In ATONEMENT by Ian McEwan, there is a lovely rejection letter to Briony (one of the main characters). She is 18 years old, has sent in a novella and it has finally returned months later. Here are some excerpts (in italics):
They begin with the fact that they wouldn't consider publishing a novella by a unknown author, let alone an established one.
That said, we found ourselves (initially against our better judgment, for there is much to do in this office) reading the whole with great interest.
There is much commenting on Briony's use of words, her characters, how well she's captured a specific moment. The first part of the book is an excellent exercise in seeing events through different points of view.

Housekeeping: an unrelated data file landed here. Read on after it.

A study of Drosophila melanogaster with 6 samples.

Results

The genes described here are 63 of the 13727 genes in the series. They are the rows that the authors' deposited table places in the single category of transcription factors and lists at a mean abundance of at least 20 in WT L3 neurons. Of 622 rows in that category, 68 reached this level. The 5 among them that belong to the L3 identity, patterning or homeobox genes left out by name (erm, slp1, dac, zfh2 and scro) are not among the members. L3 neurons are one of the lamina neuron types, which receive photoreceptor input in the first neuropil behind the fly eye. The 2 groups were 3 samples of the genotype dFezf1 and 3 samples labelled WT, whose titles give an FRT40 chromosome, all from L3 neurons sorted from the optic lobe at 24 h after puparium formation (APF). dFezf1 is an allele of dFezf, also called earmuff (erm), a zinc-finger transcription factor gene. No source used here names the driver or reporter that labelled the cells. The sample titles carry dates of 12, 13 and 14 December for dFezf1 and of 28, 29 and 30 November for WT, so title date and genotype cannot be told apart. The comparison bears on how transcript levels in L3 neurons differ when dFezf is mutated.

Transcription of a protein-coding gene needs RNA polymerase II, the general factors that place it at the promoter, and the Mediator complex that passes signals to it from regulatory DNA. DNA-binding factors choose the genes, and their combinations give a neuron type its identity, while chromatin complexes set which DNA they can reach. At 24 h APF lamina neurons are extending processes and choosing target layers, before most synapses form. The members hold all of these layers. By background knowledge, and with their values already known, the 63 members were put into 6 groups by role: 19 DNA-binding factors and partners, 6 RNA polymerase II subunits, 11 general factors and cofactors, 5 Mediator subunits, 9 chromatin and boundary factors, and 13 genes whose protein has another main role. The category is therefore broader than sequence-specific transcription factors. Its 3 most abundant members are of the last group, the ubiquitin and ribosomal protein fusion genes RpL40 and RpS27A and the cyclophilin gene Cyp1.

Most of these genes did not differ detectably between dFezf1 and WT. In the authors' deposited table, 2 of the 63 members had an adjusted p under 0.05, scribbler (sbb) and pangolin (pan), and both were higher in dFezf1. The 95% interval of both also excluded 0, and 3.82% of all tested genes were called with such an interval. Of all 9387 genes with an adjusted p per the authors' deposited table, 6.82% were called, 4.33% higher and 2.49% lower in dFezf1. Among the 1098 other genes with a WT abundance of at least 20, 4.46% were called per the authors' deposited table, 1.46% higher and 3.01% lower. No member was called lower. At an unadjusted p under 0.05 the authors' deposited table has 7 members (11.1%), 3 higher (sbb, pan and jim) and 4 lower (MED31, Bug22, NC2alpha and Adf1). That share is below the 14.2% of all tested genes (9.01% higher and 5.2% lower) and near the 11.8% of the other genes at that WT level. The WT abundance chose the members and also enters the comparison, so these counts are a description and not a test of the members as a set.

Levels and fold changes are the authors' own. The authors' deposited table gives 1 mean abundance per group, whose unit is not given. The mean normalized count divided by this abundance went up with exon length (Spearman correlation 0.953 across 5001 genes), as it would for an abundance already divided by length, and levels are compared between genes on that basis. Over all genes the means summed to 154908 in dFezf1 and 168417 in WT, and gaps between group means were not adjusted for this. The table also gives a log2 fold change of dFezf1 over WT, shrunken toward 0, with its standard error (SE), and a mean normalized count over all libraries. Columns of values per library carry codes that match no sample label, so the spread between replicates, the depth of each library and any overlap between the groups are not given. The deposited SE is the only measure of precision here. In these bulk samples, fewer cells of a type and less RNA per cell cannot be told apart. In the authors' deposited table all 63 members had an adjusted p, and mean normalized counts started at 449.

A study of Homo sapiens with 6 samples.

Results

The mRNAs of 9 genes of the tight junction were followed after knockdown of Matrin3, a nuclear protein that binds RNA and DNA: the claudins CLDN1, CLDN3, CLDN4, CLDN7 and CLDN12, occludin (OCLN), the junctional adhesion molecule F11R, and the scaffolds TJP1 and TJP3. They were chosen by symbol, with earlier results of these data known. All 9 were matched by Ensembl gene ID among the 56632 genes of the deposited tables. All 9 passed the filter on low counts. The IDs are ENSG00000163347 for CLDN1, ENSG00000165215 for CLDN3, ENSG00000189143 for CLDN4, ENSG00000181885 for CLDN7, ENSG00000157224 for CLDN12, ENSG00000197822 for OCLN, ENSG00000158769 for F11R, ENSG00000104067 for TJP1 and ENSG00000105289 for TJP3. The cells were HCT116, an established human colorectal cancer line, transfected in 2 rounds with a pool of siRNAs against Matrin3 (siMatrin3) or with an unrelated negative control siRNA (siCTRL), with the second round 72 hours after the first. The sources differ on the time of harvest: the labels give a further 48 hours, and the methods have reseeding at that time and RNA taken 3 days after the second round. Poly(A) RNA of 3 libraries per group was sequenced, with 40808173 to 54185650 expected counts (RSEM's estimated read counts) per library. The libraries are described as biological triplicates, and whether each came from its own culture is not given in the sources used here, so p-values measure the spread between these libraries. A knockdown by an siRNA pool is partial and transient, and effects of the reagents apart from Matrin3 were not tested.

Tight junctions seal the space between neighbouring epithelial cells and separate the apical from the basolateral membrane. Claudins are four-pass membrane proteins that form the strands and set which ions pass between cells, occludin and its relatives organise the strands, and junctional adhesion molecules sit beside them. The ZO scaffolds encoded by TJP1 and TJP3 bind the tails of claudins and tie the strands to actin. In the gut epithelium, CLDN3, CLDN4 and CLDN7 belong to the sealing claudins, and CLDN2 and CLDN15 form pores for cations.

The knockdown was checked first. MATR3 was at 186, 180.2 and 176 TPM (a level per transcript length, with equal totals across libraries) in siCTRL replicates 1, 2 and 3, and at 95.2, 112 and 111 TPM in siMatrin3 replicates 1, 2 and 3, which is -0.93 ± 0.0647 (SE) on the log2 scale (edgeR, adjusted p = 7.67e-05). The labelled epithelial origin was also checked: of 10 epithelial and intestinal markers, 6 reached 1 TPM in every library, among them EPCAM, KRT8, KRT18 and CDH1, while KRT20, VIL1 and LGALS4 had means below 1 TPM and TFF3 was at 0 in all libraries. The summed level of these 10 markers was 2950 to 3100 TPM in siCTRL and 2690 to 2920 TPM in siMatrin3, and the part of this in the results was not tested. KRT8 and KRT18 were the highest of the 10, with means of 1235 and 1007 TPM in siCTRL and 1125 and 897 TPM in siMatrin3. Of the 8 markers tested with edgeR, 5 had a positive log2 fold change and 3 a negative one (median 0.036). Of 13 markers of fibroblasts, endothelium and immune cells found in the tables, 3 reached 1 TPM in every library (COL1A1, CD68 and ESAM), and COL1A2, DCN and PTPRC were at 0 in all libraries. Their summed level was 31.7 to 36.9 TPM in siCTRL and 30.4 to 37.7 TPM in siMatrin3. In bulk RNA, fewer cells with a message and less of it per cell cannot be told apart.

We found Two Figures by a Fountain arrresting enough to read with dedicated attention. I do not say this lightly.
Then come a lot of questions. Lots of what ifs, encouraging her to make a plot out of the observations she's made.
Simply put, you need the backbone of a story.
Ah yes, it's the story that's imporant.
You may feel perfectly satisfied with your pages as they stand, or our reservations may fill you with dismissive anger, or such despair you never want to look at the thing again.
This made me laugh.
We sincerely hope not. Our wish is that you will take our remarks -- which are given with sincere enthusiasm -- as a basis for another draft.
I am thankful today for *good* rejection letters. My husband thinks this is an oxymoron, but the truth is, it's these kinds of letters (I confess mine are not three pages long, usually just 1/2 -1 page) that have pushed me to take my writing further. I still have some manuscripts that I don't know how to implement the advice. But I know something somewhere will click and I'll know exactly how to fix it, and then the comments will make sense.
What's your experience with good rejections?